Republicans picked the wrong Trump

Story highlights

  • The Republican Party's convention is taking place this week in Cleveland
  • Tim Stanley: Convention is tonally all over the place

Timothy Stanley, a conservative, is a historian and columnist for Britain's Daily Telegraph. He is the author of "Citizen Hollywood: How the Collaboration Between L.A. and D.C. Revolutionized American Politics." The opinions expressed in this commentary are his.

(CNN)Tuesday's session at the Republican Party convention had the feeling of "family time" about it, although the message was mixed. In between two young Trumps talking about their father's kindness came family friend Chris Christie calling Hillary Clinton a liar and butcher of justice. The goodwill vanished in a chorus of "lock her up!"

The biggest revelation of the night was Donald Trump Jr. It turns out the Trumps have an actual conservative in the family. And a very articulate one at that. He gave what sounded like a traditional Republican speech, albeit with an unusual degree of conviction. The passages on the importance of education and the Democrats' opposition to free market reforms were compassionate and coherent -- and delivered in just the kind of righteously angry tone the convention has been missing. His father is fixated on the wall and his own business record. Trump Jr., by contrast, appears to have an intellectual hinterland. Conclusion: The convention nominated the wrong Trump.
    Timothy Stanley
    Tiffany Trump was sweet but hardly even a distraction. Critics will doubtless be checking to see if any of her speech was plagiarized from Betty Ford or Mamie Eisenhower. (Apologies for the cynicism, but this was the day in which the Republicans tried to defend Melania Trump from charges of copycatting by quoting from "My Little Pony").
    Yes, it is a surreal convention -- a convention that is tonally all over the place. House Speaker Paul Ryan and Senate Majority Leader Mitch McConnell gave speeches they could just as easily have given if nominating Jeb Bush or Calvin Coolidge. Arcane, empty, uncomfortable. By contrast, Chris Christie -- who, for all his faults, "got" this Trump thing from the very beginning -- knew how to whip up the crowd. He read a list of indictments against Hillary Clinton that did what it was supposed to do. It reminded a fractious Republican Party that it probably hates her more than it feels anxious about Trump.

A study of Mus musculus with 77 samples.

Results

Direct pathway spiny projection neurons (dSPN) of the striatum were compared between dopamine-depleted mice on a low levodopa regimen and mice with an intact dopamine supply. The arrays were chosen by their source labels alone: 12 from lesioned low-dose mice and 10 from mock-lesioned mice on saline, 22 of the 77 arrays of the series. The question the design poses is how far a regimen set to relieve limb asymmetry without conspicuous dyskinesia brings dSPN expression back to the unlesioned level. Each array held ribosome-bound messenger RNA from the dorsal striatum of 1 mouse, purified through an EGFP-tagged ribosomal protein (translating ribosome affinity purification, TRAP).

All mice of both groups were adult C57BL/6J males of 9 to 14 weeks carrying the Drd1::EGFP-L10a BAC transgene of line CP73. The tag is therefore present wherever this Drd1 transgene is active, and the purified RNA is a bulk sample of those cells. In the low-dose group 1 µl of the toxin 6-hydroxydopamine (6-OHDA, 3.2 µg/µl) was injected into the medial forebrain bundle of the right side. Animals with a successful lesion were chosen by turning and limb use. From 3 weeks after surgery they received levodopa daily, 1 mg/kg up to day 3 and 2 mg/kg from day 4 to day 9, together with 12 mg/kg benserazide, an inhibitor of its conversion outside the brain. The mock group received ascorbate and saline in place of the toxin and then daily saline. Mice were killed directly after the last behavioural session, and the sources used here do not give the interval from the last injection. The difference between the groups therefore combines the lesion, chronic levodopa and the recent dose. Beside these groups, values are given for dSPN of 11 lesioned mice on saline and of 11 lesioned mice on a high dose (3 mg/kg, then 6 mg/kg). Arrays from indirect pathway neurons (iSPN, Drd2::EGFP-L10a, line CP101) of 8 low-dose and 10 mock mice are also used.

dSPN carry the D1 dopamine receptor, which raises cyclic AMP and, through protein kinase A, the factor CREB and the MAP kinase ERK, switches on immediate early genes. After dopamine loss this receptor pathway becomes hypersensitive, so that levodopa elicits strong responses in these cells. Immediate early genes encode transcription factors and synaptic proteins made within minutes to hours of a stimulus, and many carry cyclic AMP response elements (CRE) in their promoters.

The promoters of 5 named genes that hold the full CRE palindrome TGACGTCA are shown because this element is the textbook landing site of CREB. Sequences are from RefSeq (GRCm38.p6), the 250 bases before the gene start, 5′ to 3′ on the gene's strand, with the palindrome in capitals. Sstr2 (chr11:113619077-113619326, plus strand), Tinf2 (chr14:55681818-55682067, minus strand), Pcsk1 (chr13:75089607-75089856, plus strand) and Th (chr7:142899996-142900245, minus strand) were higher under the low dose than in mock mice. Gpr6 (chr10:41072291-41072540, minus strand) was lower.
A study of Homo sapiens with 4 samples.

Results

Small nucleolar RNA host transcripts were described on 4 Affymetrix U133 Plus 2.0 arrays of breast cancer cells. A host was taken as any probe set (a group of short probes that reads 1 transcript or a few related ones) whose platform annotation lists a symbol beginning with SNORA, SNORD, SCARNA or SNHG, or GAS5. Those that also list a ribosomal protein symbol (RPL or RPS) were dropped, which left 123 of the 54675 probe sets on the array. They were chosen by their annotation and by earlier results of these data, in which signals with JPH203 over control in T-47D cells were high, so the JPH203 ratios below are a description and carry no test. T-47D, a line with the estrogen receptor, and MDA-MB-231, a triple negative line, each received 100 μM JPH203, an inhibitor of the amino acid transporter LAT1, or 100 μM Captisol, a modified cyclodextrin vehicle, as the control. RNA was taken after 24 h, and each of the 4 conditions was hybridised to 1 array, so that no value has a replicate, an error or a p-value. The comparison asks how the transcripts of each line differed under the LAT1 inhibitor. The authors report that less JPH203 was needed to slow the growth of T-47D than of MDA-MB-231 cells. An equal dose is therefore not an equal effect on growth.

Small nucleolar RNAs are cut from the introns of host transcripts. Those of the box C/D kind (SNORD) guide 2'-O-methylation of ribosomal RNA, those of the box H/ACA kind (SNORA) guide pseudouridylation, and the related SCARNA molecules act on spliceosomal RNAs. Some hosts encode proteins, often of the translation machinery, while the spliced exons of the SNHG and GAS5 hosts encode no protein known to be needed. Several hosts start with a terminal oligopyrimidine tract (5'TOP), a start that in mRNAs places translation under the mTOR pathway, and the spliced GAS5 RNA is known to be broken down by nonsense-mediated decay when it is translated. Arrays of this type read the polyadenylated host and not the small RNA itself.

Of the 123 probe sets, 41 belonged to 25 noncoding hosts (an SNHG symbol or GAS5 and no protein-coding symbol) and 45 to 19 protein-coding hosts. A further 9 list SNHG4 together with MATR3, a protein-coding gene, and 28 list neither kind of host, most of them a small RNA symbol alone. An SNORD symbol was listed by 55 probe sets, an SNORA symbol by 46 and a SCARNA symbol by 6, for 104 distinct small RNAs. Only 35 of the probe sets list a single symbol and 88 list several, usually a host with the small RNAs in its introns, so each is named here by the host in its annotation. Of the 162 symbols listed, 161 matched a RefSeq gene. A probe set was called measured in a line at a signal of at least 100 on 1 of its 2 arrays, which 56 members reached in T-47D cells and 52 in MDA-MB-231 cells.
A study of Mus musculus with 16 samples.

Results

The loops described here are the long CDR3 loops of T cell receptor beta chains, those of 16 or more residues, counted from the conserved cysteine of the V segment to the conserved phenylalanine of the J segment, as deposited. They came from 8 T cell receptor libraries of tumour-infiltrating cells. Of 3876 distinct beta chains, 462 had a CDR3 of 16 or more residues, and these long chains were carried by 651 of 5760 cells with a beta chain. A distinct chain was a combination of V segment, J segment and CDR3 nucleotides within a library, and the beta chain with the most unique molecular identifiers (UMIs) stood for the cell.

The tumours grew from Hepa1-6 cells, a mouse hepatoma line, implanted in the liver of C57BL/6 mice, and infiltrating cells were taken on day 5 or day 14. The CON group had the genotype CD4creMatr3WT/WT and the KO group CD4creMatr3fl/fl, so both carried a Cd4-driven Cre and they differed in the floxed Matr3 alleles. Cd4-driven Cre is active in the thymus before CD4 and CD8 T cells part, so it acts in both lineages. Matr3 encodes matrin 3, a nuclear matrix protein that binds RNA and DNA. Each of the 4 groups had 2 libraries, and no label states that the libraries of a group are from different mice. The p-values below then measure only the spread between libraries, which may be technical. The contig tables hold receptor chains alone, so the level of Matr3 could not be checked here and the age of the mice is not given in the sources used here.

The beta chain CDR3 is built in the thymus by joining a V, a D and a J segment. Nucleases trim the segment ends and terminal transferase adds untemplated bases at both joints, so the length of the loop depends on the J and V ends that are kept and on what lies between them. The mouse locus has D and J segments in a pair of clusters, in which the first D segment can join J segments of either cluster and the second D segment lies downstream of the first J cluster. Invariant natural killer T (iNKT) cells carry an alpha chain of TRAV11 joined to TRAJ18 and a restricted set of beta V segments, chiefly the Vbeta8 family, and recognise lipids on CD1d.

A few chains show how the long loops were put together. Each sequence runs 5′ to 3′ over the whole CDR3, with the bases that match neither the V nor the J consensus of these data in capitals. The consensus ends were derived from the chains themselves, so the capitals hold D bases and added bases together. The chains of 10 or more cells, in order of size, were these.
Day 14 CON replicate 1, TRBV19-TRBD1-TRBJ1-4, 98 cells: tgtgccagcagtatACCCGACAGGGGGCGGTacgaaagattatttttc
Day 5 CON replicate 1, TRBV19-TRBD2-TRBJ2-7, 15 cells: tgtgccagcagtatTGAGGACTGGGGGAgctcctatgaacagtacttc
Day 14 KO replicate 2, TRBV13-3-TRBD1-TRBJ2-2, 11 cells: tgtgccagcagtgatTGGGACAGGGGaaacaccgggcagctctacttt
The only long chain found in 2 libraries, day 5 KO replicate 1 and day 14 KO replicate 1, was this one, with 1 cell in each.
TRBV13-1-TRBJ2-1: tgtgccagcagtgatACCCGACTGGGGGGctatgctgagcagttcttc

CNN Opinion commentators on the RNC

    Some people have found the convention's plea for unity rather odd, but have misunderstood who it's aimed at. It's not about uniting America. It's about uniting the Republicans, not least because the nominating procedure was not as straightforward as some might have expected. Some states wanted to rebel and demonstrate that their delegations backed Ted Cruz or Marco Rubio. The RNC had to choreograph things to smooth over these differences and allow the roll call to build to the point when Donald Trump Jr. put his father over the top on behalf of the New York delegation. Even after that, Alaska registered a complaint about the rules.
    The big question from Tuesday night, of course, is whether junior's speech will have won around any Never Trump people? Possibly. Remember, something important happened today: Trump Sr. graduated from presumptive to actual nominee. This is real, this is happening. Suddenly Republicans of all stripes have to think very seriously about whether they can tolerate the thought of Hillary Clinton in the White House. Presuming they cannot, they have to stick with the nominee.
    All that said, I'm increasingly convinced that this convention will be a long-term problem for the GOP. Thus far, it has done nothing effective to soften Trump or imply there's a hidden dimension to him. What's stood out? Giuliani going nuts. Melania's speech being cribbed. And Christie almost leading a posse to go get themselves Hillary Clinton's head on a stick. Trump Jr. was the most positive thing -- and positive mostly for conservative voters.
    What will moderates think? That Trump is Trump. Love him or loathe him.